Cannes continues to be a mixed bag for Canadian filmmakers, with veteran David Cronenberg earning some kudos for his scathing Hollywood satire Maps to the Stars while actor Ryan Gosling received boos for his directorial debut Lost River.
As he unveiled his latest at the French film fest over the weekend, Cronenberg told reporters that Maps to the Stars serves as a commentary on Hollywood as well as other cultures (like Silicon Valley or Wall Street) "where people are desperate, ambitious, greedy, pitiful."
The shocking and darkly comic tale (based on Bruce Wagner's novel and screenplay) weaves incest, murder and serious family dysfunction into stories of Hollywood celebrity life, populated with familiar figures such as an out-of-control child star battling addiction, an aging actress hoping to revive her struggling career and a limo driver/aspiring actor-screenwriter.
It won high praise from some critics for its scandalous nature ("It's certainly the director's most twisted, and as a consequence, most deliciously entertaining film, in quite a long while," raved Indie Wire), but others noted that the film's clear cynicism and broadsides of the Hollywood movie industry could turn North American audiences off and might potentially prove divisive.
"In the end, it is too extravagantly cynical to be entirely truthful about Hollywood and LA, but it has a Jacobean power," declared The Guardian.
The ensemble film features a star-studded cast that includes Julianne Moore, Mia Wasikowska, John Cusack, Olivia Williams, Evan Bird, Sarah Gadon and Robert Pattison.
Twilight star Pattison, who previously starred in Cronenberg's Cosmopolis, said he accepted his limo driver role in Maps to the Stars without having even read the script.
"It's always an extremely exciting thing" to be part of Cronenberg's world," he told reporters at the Maps to the Stars press conference in Cannes.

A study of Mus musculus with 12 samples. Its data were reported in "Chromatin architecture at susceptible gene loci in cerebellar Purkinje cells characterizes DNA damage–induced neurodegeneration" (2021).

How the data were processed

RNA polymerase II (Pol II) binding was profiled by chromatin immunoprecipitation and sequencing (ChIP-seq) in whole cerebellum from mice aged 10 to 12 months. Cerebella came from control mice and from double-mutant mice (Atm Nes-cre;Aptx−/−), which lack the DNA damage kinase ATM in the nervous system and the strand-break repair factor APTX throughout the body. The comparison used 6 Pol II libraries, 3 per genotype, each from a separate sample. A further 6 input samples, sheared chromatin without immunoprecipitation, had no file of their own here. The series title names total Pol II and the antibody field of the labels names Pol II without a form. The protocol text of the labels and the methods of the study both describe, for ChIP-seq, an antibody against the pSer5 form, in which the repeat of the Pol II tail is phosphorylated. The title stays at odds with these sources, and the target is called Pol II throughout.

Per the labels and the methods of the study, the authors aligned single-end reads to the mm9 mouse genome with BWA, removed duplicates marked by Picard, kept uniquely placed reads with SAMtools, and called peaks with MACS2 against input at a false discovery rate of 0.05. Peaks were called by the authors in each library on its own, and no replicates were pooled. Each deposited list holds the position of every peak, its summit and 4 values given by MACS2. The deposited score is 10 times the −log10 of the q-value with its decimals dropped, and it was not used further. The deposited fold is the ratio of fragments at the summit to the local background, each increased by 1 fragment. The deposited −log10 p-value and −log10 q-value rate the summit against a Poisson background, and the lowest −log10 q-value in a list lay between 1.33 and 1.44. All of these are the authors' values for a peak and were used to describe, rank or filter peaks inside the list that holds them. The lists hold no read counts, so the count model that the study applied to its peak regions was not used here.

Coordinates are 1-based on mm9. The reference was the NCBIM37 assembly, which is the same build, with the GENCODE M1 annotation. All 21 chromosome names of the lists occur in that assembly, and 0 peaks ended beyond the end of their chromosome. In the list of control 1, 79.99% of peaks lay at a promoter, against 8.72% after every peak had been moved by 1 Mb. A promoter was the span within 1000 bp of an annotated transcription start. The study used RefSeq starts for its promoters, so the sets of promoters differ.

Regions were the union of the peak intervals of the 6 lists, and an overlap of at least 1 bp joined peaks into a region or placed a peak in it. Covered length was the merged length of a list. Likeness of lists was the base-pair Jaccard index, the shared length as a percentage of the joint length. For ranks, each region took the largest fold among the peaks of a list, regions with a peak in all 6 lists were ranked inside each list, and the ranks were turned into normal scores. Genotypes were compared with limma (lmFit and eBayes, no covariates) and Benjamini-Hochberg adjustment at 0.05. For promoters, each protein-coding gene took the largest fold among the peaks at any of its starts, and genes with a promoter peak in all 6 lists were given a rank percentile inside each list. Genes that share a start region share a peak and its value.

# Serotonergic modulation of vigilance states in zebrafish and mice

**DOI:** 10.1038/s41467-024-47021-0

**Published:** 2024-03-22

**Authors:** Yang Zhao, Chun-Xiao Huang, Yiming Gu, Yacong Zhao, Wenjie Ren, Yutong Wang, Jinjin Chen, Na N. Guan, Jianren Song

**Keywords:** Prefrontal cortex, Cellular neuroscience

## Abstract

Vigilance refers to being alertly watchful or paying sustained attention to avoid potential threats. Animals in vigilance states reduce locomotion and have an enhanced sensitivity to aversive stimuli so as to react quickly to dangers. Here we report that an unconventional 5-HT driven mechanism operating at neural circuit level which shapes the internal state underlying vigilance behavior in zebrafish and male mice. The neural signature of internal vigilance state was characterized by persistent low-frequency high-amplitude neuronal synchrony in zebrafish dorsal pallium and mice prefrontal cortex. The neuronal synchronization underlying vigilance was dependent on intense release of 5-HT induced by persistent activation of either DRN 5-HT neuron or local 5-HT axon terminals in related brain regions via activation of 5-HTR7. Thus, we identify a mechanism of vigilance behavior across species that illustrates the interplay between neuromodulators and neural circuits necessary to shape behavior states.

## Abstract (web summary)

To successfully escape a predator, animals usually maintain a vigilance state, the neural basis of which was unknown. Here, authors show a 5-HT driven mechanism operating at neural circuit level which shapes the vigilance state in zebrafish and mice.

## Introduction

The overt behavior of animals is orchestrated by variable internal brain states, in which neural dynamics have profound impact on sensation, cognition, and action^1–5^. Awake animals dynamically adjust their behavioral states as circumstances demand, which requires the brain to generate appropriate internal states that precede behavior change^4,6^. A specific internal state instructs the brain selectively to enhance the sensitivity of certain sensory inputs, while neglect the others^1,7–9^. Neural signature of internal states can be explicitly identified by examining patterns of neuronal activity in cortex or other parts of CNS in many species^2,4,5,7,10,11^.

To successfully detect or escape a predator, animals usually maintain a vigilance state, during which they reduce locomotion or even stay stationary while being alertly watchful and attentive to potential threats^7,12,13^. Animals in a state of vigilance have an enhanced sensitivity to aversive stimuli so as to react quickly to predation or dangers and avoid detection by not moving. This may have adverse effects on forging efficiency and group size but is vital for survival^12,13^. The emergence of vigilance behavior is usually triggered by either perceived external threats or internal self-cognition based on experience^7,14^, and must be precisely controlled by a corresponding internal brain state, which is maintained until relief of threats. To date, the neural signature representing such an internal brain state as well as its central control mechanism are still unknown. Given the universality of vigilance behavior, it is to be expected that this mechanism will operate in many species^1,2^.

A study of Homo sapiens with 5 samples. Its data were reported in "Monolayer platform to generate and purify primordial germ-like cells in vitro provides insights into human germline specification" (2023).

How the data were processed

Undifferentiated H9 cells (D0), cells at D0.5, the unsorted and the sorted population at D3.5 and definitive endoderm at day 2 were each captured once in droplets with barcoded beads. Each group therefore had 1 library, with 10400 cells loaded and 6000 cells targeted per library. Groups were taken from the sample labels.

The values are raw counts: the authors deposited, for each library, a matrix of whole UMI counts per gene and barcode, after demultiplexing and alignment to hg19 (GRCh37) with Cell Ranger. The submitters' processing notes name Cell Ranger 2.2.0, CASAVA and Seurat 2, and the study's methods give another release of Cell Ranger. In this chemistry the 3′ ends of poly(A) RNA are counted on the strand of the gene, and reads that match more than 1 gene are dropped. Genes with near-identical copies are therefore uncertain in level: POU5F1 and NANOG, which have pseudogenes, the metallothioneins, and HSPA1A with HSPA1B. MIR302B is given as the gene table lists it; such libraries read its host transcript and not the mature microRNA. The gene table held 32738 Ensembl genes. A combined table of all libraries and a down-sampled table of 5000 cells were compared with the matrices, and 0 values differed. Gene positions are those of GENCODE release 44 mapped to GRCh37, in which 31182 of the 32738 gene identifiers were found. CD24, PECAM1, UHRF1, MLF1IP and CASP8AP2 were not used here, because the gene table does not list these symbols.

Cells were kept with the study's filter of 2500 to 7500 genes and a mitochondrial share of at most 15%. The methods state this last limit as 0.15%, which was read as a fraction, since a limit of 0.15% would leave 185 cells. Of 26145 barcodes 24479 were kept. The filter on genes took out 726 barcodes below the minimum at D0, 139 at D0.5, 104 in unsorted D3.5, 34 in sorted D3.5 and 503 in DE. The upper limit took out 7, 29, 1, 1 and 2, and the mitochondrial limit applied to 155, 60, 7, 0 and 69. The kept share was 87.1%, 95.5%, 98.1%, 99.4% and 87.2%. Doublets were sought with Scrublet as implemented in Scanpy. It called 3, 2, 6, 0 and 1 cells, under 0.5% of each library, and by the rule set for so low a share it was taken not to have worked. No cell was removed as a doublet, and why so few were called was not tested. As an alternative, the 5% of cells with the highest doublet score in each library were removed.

Meanwhile, popular actor Gosling drew a short bit of applause, but largely boos and critical pans on Tuesday for Lost River, his first attempt at directing.
A packed crowd took in the first Cannes screening of Lost River, which Gosling also wrote and co-produced.
Set in a ruined Detroit and revolving around a single mother with two sons, the lurid and surreal modern fairy tale stars Mad Men's Christina Hendricks and Matt Smith (Doctor Who).
Some praised the film's bold, vivid scenes and Gosling's ambitious attempt to tell an unconventional story. However, many slammed the movie for being derivative of other filmmakers Gosling obviously admires, including David Lynch and Nicolas Winding Refn (for whom he starred in Drive and Only God Forgives).
"Had Terrence Malick and David Lynch somehow conceived an artistic love-child together, only to see it get kidnapped, strangled and repeatedly kicked in the face by Nicolas Winding Refn, the results might look and sound something like Lost River, a risible slab of Detroit gothic that marks an altogether inauspicious writing-directing debut for Ryan Gosling," wrote the reviewer for industry paper Variety.
The Telegraph's critic said that ideas and images drawn from filmmakers Gosling admires "aren’t developed, they’re simply reproduced: think Wikipedia essay rather than love letter. The result is cinema you don’t watch so much as absent-mindedly scroll through."
While Gosling's Lost River is screening as part of the Un Certain Regard section of Cannes (which celebrates "original and different" works by up-and-coming filmmakers), Cronenberg's Maps to the Stars is vying in the festival's main competition lineup for the coveted Palme d'Or trophy (along with Xavier Dolan's Mommy and Atom Egoyan The Captive.
The Cannes Film Festival continues through May 25.